Wednesday, December 12, 2018

Red Tide = Dead Tide?


Photos by Maria Lamb |
Common tern, looking very healthy, suddenly becoming ill after feeding. What’s causing the bird die-off from our beaches?

Over the Thanksgiving weekend, four dead dolphins were towed from Marco Island beaches, along with a mature dead male loggerhead sea turtle. It was also reported that about 15 dead dolphins also washed ashore in Naples during this same timeframe.

According to the National Oceanic Atmospheric Administration (NOAA), “There was a spike of 22 bottlenose dolphin mortalities over the holiday weekend in Lee and Collier counties. Experts suspect it is red tide. A total of 92 bottlenose dolphins in Southwest Florida are confirmed dead from the red tide in an Unusual Mortality Event declared by NOAA.” Kim Amendola of NOAA said that 16 of those dolphins tested positive for red tide. “We suspect this is likely the cause of death for the others,” said Amendola, “however final test results may take weeks to months to get back.”

Birds have been dying on our beaches in record numbers. Adam DiNuovo of Audubon Florida has been picking up dead birds since November 11. Per his count, he averaged about five birds per day. He brought the birds to the Conservancy of Southwest Florida’s wildlife clinic, and unfortunately, 92% did not survive. DiNuovo is puzzled at the fast rate of mortality.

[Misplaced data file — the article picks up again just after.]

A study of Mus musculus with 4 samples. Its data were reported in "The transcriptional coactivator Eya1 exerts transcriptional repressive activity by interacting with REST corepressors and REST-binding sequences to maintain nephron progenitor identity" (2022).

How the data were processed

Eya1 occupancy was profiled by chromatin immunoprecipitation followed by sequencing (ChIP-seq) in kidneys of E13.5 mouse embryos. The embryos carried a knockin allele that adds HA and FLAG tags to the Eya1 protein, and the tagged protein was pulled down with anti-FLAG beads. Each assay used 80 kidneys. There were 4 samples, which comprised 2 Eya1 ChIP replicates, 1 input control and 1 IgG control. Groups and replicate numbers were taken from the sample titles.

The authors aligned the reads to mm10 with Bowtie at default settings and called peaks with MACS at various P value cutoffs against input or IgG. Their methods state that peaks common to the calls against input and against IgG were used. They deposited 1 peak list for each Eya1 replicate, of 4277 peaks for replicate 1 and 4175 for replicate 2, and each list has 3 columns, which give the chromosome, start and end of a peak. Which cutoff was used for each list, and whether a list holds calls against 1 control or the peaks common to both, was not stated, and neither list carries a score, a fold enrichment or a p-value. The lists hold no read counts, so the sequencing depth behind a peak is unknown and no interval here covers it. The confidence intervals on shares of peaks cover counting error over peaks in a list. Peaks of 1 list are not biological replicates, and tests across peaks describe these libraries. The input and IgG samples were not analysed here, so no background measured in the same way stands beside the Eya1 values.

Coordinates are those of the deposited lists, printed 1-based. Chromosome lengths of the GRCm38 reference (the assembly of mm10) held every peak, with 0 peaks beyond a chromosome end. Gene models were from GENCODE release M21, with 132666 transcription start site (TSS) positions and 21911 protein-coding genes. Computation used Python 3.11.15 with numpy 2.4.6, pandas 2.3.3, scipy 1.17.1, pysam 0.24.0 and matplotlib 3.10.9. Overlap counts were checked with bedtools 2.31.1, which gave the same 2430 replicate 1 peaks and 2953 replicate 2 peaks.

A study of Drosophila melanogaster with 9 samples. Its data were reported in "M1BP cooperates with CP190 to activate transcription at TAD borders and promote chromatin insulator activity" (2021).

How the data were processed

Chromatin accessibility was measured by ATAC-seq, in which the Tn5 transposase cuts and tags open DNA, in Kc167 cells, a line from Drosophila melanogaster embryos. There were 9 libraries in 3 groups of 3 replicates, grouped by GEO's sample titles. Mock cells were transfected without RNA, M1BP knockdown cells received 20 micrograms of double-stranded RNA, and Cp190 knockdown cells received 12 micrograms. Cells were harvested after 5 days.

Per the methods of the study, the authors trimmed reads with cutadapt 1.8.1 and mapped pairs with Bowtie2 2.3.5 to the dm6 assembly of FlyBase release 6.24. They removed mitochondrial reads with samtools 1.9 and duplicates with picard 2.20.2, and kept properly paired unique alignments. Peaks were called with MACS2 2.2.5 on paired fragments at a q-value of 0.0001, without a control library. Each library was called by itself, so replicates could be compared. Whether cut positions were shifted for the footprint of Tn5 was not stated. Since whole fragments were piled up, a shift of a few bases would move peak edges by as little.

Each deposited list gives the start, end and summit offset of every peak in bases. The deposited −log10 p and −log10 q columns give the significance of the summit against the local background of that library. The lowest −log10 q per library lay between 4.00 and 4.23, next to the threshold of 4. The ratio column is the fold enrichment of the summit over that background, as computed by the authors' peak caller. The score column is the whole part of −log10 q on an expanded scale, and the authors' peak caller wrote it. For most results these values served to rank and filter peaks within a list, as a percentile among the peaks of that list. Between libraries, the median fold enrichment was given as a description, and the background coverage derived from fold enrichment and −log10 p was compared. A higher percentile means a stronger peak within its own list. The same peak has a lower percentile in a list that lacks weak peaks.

In Marco, large flocks of migratory birds have claimed our beaches to rest, eat and gain weight. It is very disturbing to observe both residents and visitors engaging in a most destructive manner “flushing them” either to get that perfect photo, or just because “they can.”

Joanna Fitzgerald of the Conservancy remarked that, “This is the worst bird die-off in 25 years.” The state is testing for the cause of these avian deaths.

To add insult to injury, the county-employed beach raker has been observed going through and flushing the colony of sitting birds. According to Kathy Eil, known as the Shell Lady, the raker “goes along the high water mark and has run over and killed several birds that couldn’t get out of the way fast enough.”

Gary McAlpin, Director of Coastal Zone Management for Collier County, has reassured Kathy Eil that he will “take care of the problem with the raker.” McAlpin also added that “The beach raker’s supervisor will ride with him to make sure he is doing a good job and staying in compliance with all environmental concerns and constraints.”

Save Our Sick Birds: If you encounter a sick bird, please take a photo of the bird with your phone and note its location on the beach. Email the message to Adam DiNuovo of Audubon at adinouvo@audubon.org or text him at 413-896-4751.

Caution: For beachgoers with respiratory issues avoid going to the beach and if you do, bring your inhaler.

 


If you encounter a sick bird, please take a photo of the bird with your phone and note its location on the beach.Email the message to Adam DiNuovo of Audubon at
adinouvo@audubon.org or text to 413-896-4751.


One response to “Red Tide = Dead Tide?”

  1. Rosemary Tolliver says:

    Just curious why they are even raking the beach instead of leaving it natural.